Saturday, July 28, 2001

By Rob Owen, Post-Gazette TV Editor

PASADENA, Calif. -- Every Monday the Post-Gazette takes readers inside parties around Western Pennsylvania, many to support charities. But at the Television Critics Association summer press tour, the parties are solely for the benefit of the sponsoring TV networks.

Still there's plenty of noteworthy things overheard and Seen in L.A.:

Smart kid

David Gallagher, who plays teen-ager Simon on The WB's "7th Heaven," said he'll stay with the family drama until it's time for college. Gallagher is a high school junior; his character is a sophomore, but after two more seasons, Gallagher is committed to going to college full-time to study filmmaking, following the Ron Howard path from child star to adult mogul.

"[An acting career] can be taken away as quickly as it's given," Gallagher said. "I want something to fall back on. If the acting doesn't work out, I'll fall back on writing and directing."

Getting the goods

Stars have their quirks, especially young stars with the world on a string.

Breckin Meyer, who played a stoner in "Clueless," stars in the NBC sitcom "Inside Schwartz" Thursday nights this fall. At an NBC party Meyer was seen carrying the name plates of NBC stars seen earlier on stage during press conferences, including Emeril and Tom Cavanaugh ("Ed").

"Tom Cavanaugh is just a cool guy and Emeril says 'Bam!' " Meyer said, explaining why the cardboard signs were sticking out of the bag slung over his shoulder. "I figured I'd take them now. You don't know how long this thing will last."

Candid camera

Jane Adams (Mel, Niles' ex-wife on "Frasier") stars as the daughter of a U.S. senator played by James Cromwell in the new CBS drama "Citizen Baines," and she doesn't want to forget any part of the process -- even a press conference. Adams brought a video camera with her and pointed it at the press as reporters asked questions, but she refused to say what she plans to do with the footage.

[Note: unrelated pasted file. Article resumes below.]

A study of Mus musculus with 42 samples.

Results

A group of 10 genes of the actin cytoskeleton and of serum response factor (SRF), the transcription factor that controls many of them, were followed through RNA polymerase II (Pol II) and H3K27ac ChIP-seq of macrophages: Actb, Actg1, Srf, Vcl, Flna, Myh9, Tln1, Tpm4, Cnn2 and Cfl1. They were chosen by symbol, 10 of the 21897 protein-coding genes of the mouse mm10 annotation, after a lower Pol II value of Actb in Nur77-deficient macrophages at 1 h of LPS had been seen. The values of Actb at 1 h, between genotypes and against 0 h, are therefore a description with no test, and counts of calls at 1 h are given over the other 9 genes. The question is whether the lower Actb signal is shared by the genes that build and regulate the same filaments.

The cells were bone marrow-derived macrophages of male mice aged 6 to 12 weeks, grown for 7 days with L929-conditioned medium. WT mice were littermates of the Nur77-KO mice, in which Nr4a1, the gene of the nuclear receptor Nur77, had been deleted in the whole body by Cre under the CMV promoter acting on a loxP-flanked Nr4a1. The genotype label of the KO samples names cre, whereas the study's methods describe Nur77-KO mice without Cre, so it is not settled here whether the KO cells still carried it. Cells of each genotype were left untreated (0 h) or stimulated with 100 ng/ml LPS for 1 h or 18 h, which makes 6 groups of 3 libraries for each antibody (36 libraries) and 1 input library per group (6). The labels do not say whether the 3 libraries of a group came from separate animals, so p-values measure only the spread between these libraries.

How true

A story on the front page, above the fold, of the Los Angeles Daily News on July 14 reported on population congestion in major metropolitan cities. The headline? "L.A. denser than N.Y."

Tattoo you

Actress Kathryn Erbe, who played an inmate on death row on HBO's "Oz," stars in NBC's "Law & Order: Criminal Intent." At an NBC party she arrived wearing a spaghetti strap dress that showed off a tattoo on her upper back. It's a heart with "T & M" inside. Turns out "T" is her husband, "Oz" star Terry Kinney, and "M" is her daughter, Maeve.

A liberal town

The title is "Politically Incorrect With Bill Maher," but executive producer Marilyn Wilson said it's tough to get celebrity guests whose views are out of sync with Hollywood norms.

"Conservatives are the hardest guests to get," Wilson said. "Being a conservative in Hollywood is not unlike being gay. It's a liberal town and I think [conservative celebrities] worry they'll be whitelisted. They're in the closet."

Nasty kiss

In The WB fall comedy series "Men, Women and Dogs," four guys hang out at a dog park looking to pick up women. Niklaus Lange plays a character who's very enamored of his bulldog, allowing the pooch to lick him on the face and lips. Turns out that wasn't the worst part of filming the pilot episode.

"It wasn't actually the dog that I had to get past," Lange said. "It was the chicken baby food and the sardine juice that they rubbed all over my lips ... By the time the dog came around, that was a welcome thing."

Proof they both exist

"West Wing" creator Aaron Sorkin and "Gilmore Girls" creator Amy Sherman-Palladino were seen meeting for the first time and discussing an Internet-based rumor that they're the same person.

"There's this rumor Amy Sherman-Palladino is a pseudonym for Aaron Sorkin," Sherman-Palladino said. "Then I'd like him to show up. I've got a script to write. Maybe I should start a rumor that I write all the 'West Wings.'"

Those wacky writers

David Morgasen, a writer for the Howard Stern-produced FX series "Son of the Beach," wandered around a writer's guild party wearing a name tag on which he'd scratched out 'Son of the Beach" and wrote in "The West Wing."

"I get so much more attention this way," he said.

Sadly, some TV critics fell for it, asking him about the new "West Wing" season.

"I think you know Aaron, and he wouldn't like me telling you," Morgasen said. "There's going to be an assassination, but that's all I'm saying."


Post-Gazette TV Editor Rob Owen is attending the Television Critics Association summer press tour.